Tim Yohannan, the controversial founder and editor of the world-famous punk 'zine Maximum Rock N'Roll, died Friday after a long battle with cancer, according to MRR columnist Jen Angel.
Yohannan, 52, was known for his staunch commitment to political activism, the do-it-yourself ideal, and, most of all, the music he loved. A New Jersey native, Yohannan began the underground radio show Maximum Rock N'Roll in San Francisco in the late '70s.
In 1983 he founded a newsprint monthly of the same name, which during the next 15 years became the de-facto "bible of punk rock," known for bringing underground bands to international attention and keeping the punk scene alive during lean years. MRR also released several compilations which popularized now-famous groups such as NOFX and Operation Ivy.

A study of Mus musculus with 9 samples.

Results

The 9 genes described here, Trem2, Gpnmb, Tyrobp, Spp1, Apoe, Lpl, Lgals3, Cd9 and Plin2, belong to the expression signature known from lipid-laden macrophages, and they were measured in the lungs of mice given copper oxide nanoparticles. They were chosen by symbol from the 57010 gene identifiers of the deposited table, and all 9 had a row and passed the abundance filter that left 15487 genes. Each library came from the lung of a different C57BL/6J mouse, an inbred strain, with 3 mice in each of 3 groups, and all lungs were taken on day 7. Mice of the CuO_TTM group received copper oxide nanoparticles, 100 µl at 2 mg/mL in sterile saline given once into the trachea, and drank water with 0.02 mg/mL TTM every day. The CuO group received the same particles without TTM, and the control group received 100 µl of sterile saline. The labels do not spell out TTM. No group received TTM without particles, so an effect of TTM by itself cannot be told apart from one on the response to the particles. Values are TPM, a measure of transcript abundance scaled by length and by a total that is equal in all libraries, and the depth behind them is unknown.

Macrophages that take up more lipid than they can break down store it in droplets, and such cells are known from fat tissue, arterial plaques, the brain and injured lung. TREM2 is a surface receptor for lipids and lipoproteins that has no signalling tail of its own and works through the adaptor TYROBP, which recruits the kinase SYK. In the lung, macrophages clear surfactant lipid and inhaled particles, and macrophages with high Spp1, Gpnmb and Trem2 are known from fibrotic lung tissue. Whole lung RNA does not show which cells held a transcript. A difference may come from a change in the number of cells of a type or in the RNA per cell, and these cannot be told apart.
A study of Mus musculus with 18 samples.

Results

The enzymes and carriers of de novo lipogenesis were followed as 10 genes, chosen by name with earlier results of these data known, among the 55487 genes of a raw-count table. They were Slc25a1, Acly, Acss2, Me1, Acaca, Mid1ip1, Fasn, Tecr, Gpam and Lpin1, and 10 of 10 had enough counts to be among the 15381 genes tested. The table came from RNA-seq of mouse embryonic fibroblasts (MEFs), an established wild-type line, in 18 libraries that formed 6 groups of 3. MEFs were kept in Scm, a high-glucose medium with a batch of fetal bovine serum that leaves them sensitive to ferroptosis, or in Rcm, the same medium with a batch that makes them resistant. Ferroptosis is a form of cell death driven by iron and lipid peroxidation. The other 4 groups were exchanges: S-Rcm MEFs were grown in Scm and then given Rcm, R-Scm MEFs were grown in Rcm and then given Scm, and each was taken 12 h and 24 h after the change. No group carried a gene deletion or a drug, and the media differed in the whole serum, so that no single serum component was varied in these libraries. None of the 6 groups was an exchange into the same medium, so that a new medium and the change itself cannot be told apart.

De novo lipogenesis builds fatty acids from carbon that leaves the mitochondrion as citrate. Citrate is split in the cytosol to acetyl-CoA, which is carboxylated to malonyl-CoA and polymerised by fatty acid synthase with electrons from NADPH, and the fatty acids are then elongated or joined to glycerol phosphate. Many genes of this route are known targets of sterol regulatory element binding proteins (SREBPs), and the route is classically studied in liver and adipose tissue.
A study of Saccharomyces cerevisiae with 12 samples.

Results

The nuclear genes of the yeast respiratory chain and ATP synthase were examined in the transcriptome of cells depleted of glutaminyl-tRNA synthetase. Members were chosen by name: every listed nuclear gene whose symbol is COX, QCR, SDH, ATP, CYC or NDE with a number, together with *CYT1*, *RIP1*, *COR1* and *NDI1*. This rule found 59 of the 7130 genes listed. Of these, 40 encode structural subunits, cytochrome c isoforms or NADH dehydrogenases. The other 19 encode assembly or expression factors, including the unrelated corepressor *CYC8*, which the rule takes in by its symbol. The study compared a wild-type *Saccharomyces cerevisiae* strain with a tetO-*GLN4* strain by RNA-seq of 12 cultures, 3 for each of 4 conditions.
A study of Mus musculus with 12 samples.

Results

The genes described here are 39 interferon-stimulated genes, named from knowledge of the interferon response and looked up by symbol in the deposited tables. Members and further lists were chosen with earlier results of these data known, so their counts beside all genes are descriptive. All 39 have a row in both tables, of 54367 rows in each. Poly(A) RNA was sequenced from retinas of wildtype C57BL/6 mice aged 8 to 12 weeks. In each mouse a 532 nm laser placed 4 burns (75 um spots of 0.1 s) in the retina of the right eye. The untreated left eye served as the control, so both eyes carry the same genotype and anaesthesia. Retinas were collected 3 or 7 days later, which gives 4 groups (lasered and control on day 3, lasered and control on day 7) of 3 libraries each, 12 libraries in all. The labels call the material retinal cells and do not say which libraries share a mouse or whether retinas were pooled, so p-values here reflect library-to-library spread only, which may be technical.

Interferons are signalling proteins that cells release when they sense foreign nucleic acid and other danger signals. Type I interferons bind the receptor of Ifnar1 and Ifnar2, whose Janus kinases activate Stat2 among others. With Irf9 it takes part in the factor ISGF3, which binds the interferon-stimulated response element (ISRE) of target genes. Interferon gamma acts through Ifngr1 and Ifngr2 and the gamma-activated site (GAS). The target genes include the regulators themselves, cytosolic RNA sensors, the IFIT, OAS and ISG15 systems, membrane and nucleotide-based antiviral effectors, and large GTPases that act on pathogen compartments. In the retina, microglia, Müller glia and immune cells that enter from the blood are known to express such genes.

While some accused Yohannan of being musically conservative, he was also championed for his high profile radio debates with concert promoter Bill Graham -- whom Yohannan accused of co-opting the Bay Area punk scene -- as well as his involvement in the defunct Blacklist Mailorder service, the Epicenter record store and the famed Berkeley, Calif., venue 924 Gilman Street.
"Even though I had disagreements with him over the years, I admired the man," music writer Jack Rabid, founder and editor of The Big Takeover 'zine, told JAMTV on Monday. "He seemed really combative in his columns, but he was really a dear, sweet person with a great sense of humor. I don't think many people knew that about him."
"Tim Yo is undeniably one of the most important figures in the history of American punk rock," said Tim Chandler of Mutant Pop Records, an Oregon-based independent label. "His magazine's pages served as a unifying factor that helped to bring about punk's rebirth on a mass scale in the 1990s."
Maximum Rock N'Roll plans to continue publishing under the leadership of Angel and others.